Brett Larrner's recap of day 1 from the Hakone Ekiden is a must read. The times achieved were amazing. Yes the conditions were ideal as there was a slight tailwind, but the top 4 teams all broke the Day 1 record and 8 guys broke previous course records for their legs led by 19-year old Vincent Yegon who ran the 21.4 km third stage in 59:25. That's 58:35 half marathon pace and keep it going for nearly another minute. Pretty damn good for someone with 13:28/27:47 pbs.
After it was over, Larner tried to make sense of it all and he had no choice but to give a lot of the credit to the shoes.
What to make of it all?
Hakone legends doing guest commentary were stunned by the quality of the performances throughout the day. Yasuyuki Watanabe, former Hakone stage record holder and college coach of marathon national record holder Suguru Osako, said, "I kept thinking there was something wrong with my stopwatch. As someone who ran 66 minutes on the Second Stage I didn't think I'd see 65 minutes happen in my lifetime." Toshihiko Seko, another former Hakone record holder, one of the world's all-time great marathoners and current JAAF director of marathoning, could only stammer, "The conditions were really good."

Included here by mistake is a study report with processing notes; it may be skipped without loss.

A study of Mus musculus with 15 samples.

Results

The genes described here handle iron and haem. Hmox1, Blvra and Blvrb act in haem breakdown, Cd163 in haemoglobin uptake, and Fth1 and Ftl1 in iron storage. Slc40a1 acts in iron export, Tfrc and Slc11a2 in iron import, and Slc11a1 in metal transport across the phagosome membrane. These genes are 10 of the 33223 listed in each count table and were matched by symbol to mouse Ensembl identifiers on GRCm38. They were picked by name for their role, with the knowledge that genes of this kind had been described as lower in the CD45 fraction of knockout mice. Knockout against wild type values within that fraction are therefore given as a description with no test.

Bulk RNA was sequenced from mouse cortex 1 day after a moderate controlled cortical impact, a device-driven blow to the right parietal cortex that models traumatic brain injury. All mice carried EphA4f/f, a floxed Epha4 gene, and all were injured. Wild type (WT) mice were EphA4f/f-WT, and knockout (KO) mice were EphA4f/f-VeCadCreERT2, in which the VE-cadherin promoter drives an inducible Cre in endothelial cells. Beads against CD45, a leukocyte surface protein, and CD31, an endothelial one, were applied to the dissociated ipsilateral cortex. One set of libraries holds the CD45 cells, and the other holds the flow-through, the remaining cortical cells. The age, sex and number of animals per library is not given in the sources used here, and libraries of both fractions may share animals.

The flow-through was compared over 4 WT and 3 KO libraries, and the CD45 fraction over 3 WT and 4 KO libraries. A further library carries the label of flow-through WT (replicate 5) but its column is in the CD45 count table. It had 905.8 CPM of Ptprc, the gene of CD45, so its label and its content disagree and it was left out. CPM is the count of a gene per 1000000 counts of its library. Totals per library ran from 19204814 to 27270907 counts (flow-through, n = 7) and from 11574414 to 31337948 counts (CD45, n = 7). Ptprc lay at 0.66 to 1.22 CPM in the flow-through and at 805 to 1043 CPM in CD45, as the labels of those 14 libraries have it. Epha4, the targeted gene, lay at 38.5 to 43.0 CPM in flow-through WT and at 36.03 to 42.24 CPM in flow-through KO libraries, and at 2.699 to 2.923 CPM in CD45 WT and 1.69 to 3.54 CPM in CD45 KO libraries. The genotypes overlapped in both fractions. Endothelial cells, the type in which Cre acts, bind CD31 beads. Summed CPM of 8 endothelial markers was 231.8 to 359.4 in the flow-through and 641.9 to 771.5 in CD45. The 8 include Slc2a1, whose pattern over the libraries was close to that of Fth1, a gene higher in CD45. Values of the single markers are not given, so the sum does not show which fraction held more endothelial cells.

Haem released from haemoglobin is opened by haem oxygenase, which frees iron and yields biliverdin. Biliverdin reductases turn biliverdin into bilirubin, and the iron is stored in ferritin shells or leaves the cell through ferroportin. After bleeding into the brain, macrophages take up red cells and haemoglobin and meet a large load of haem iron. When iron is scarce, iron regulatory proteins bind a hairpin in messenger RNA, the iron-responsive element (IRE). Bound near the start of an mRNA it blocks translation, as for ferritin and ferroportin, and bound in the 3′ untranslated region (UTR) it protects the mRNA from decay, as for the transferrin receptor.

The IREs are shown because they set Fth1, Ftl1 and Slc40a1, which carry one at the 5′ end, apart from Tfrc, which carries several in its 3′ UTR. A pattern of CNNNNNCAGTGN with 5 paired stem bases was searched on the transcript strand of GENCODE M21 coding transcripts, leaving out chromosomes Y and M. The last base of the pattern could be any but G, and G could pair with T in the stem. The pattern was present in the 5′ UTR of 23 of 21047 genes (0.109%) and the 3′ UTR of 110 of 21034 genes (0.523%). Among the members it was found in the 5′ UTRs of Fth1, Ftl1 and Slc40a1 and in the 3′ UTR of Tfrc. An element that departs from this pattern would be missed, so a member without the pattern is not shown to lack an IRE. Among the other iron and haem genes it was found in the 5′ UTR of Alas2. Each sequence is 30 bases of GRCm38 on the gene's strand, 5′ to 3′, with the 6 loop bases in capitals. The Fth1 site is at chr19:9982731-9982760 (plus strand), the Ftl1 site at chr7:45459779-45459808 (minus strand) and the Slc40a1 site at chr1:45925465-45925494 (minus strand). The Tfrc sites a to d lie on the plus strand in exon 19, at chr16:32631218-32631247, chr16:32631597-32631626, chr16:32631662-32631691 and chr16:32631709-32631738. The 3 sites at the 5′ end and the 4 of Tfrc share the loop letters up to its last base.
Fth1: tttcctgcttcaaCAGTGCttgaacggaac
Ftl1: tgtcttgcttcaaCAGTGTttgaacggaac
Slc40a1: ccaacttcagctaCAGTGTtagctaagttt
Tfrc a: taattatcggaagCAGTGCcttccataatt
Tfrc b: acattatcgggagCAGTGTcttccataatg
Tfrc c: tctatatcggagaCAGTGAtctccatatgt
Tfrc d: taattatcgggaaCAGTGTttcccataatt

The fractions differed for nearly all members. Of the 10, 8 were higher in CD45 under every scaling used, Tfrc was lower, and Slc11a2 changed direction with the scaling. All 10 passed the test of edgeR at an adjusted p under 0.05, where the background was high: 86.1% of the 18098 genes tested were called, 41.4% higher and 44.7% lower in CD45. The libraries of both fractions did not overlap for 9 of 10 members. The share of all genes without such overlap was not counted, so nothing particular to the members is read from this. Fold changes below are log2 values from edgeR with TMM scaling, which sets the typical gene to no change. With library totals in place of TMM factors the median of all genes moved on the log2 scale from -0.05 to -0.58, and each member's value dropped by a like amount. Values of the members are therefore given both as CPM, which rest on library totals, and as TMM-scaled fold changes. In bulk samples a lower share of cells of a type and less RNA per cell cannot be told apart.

He was right, of course, as temperatures were mostly under 10˚C and there was a very light tailwind much of the way, but the most honest commentary came from First Stage winner Yonemitsu. When an announcer asked him in a post-ran stage victory interview how it felt to have tied Watanabe's all-time #2 mark Yonemitsu answered, "Well, these days there are the shoes, the Vaporfly, so I don't feel especially psyched about it."
...19 of the 21 guys on the First Stage were wearing them [the Vaporflys]. The rest of the stages were probably about the same. If the shoes were banned tomorrow would today's marks ever be touched? Miyashita's Fifth Stage record, yes. The unbroken First Stage record, probably. Yoshida's Fourth Stage record, maybe. Aizawa's Second Stage record, probably not. Yegon's Third Stage record, no way in hell.
In terms of relation to the times and records of Hakone's past the elephant in the room is probably more of a bull in a china shop.